The Sardonics call their music “angry jazz”
Guitarist Ross Hammond caught my attention a couple of years ago while playing with the Chill E. Palmer Project, a jazz ensemble that was selling out local venues such as Luna’s Café or Capitol Garage on a regular basis. That particular combo even won a Sammie for best jazz band. Then it suddenly disappeared—or so it would seem. Watching Chill E. Palmer win over audiences at rock venues with music that was oriented much more closely to jazz had been an exciting, if ephemeral, experience.
Chill E. Palmer was not to return. However, Hammond and a fellow Palmer alumni, sax player Aaron Thurman, did form a new group, the Sardonics, with drummer Todd Temby and bassist Aaron Weiss. A recent booking at Café Milazzo on Folsom Boulevard, provided enough motivation to go check the band out.
Inside the café, the Sardonics were already in full swing, the audience small but attentive. Feet were tapping, and occasionally a jaw or two dropped. The tempo sped up, it slowed down, and the crowd held its collective breath at the starts and stops that punctuated several of the jams. The band seemed relaxed in front of an audience and relaxed with one another.
While at least one perm-haired poseur has given the saxophone a bad name in recent years, in Thurman’s hands it sounds moody, manic, almost tough—a far cry from the lite-jazz sax that irritates shoppers via supermarket speakers. In fact, nothing in the Sardonics sound can be described as “lite.” Their music seems to celebrate the very tension that lite jazz seeks to relieve.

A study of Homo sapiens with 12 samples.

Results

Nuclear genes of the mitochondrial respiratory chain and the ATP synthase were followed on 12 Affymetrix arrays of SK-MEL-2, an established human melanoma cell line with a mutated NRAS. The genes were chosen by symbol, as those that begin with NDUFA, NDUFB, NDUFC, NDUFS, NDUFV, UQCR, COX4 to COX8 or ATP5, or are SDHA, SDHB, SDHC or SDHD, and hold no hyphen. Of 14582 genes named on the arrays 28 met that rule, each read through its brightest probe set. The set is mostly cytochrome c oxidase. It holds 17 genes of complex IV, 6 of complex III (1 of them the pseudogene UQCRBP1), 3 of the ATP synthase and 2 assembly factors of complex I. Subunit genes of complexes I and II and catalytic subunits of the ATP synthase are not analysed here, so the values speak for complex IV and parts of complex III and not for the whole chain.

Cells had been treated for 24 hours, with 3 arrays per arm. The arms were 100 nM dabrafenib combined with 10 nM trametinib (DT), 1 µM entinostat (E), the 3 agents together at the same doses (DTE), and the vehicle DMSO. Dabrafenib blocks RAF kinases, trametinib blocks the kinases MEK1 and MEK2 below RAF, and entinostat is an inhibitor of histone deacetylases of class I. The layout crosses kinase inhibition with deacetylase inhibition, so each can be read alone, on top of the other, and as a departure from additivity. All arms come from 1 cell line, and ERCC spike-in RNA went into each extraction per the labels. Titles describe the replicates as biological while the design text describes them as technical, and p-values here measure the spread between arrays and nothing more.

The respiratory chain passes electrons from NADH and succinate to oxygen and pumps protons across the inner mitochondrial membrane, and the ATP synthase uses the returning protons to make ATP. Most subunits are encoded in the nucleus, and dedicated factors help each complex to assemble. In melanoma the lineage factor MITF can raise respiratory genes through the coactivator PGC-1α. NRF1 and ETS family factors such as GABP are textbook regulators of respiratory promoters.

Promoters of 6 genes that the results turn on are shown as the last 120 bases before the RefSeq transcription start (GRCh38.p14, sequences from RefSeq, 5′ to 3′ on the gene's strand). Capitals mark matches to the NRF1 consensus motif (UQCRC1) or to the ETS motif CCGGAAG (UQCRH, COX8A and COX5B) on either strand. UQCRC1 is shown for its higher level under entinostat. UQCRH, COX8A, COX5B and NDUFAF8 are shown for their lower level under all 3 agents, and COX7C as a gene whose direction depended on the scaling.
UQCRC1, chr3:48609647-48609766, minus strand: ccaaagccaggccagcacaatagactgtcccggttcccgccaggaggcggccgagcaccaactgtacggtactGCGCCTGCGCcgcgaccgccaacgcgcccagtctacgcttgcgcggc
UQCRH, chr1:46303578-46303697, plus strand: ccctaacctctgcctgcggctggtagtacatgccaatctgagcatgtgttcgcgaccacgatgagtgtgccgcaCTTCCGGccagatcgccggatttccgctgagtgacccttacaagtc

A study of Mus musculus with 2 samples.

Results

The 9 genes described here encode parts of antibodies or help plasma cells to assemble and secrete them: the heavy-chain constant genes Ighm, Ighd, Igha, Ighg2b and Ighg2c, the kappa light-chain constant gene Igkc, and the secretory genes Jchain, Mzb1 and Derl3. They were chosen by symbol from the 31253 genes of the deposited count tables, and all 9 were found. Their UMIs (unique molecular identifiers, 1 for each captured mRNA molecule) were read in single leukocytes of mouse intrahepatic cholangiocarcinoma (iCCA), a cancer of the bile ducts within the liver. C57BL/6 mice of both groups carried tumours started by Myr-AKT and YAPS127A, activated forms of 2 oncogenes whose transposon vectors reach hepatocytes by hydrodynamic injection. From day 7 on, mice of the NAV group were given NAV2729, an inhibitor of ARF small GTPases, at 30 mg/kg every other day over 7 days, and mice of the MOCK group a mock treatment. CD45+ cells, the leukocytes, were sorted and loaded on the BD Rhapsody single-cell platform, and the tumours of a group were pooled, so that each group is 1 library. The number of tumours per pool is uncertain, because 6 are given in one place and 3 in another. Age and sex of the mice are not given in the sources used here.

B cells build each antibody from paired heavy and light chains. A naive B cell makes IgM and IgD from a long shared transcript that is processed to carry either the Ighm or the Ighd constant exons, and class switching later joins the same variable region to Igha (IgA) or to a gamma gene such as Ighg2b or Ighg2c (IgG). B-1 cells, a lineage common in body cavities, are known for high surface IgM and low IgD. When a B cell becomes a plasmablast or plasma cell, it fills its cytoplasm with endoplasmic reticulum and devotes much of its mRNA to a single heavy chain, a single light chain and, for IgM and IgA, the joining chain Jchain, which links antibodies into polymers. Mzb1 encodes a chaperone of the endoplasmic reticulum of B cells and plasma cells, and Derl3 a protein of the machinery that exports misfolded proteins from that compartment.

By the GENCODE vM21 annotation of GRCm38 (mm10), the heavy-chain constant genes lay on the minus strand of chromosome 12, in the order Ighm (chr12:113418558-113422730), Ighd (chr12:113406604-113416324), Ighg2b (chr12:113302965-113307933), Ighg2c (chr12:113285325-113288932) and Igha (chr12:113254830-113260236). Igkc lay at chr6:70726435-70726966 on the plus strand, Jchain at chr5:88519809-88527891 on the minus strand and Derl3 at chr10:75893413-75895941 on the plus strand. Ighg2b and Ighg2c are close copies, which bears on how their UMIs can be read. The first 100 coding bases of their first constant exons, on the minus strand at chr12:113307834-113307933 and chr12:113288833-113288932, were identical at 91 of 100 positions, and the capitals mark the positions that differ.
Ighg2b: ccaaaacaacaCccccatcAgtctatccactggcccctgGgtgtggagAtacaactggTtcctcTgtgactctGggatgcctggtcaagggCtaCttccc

Webster’s defines “sardonic” as “disdainful or bitterly sneering, ironic or sarcastic.” The word describes the sense of humor of this quartet well, as is evidenced by a name they almost chose instead: “Oreo Funk and Doublestuff.”
“With a name like that, we could’ve been on Jenny Jones a lot quicker,” Weiss quips.
Sonically, the band is harder to pin down. “A fusion of jazz and punk,” Thurman offers, grappling for a definition, which leaves Temby to wonder aloud. “Junk?” he asks. “Is that what that’d be called?”
Thurman tries again. “Angry jazz.”
Everyone agrees, however that Weiss is on to something when he says, “Every time I say ‘jazz,’ I feel kind of guilty.”
As for influences, the four name jazz players such as John Coltrane, Ornette Coleman, Charlie Parker and Michael Brecker to rock acts such as Led Zeppelin, Metallica and Rush to the often unclassifiable Frank Zappa. One does get a sense from listening to the Sardonics—and from watching the way crowds not usually geared to jazz react to them—that their influences are all over the map. “I feel like I kinda listen to everything under the sun,” is how Weiss puts it.
As for anything resembling a jazz scene in Sacramento, the Sardonics are a bit less than enthusiastic. Hammond says that many of the local jazz musicians who gig regularly mostly play either out of town or at private parties. “The club owners don’t pay very much,” he explains, “and a lot of people don’t really appreciate it, so [jazz musicians] go where they’re appreciated.”
Later, Hammond expands on his impressions on jazz and Sacramento. “When Thurman and I were putting the band together,” he says, “I wanted to do something different than what I saw happening here. Most people, when they think of jazz, are thinking of easy listening or Kenny G-type stuff, even on the jazz radio stations here, or they think of the rock fusion stuff. I wanted to get back to the straight-shooting stuff like Coltrane.”
Jazz wasteland or not, our beloved town appears to be appreciating the Sardonics plenty these days. The band is getting booked for gigs well in advance all over the area, as well as at venues outside of Sacramento. They continue to bravely play where no jazz act has played before.
Who says you can’t teach an old rocker new licks?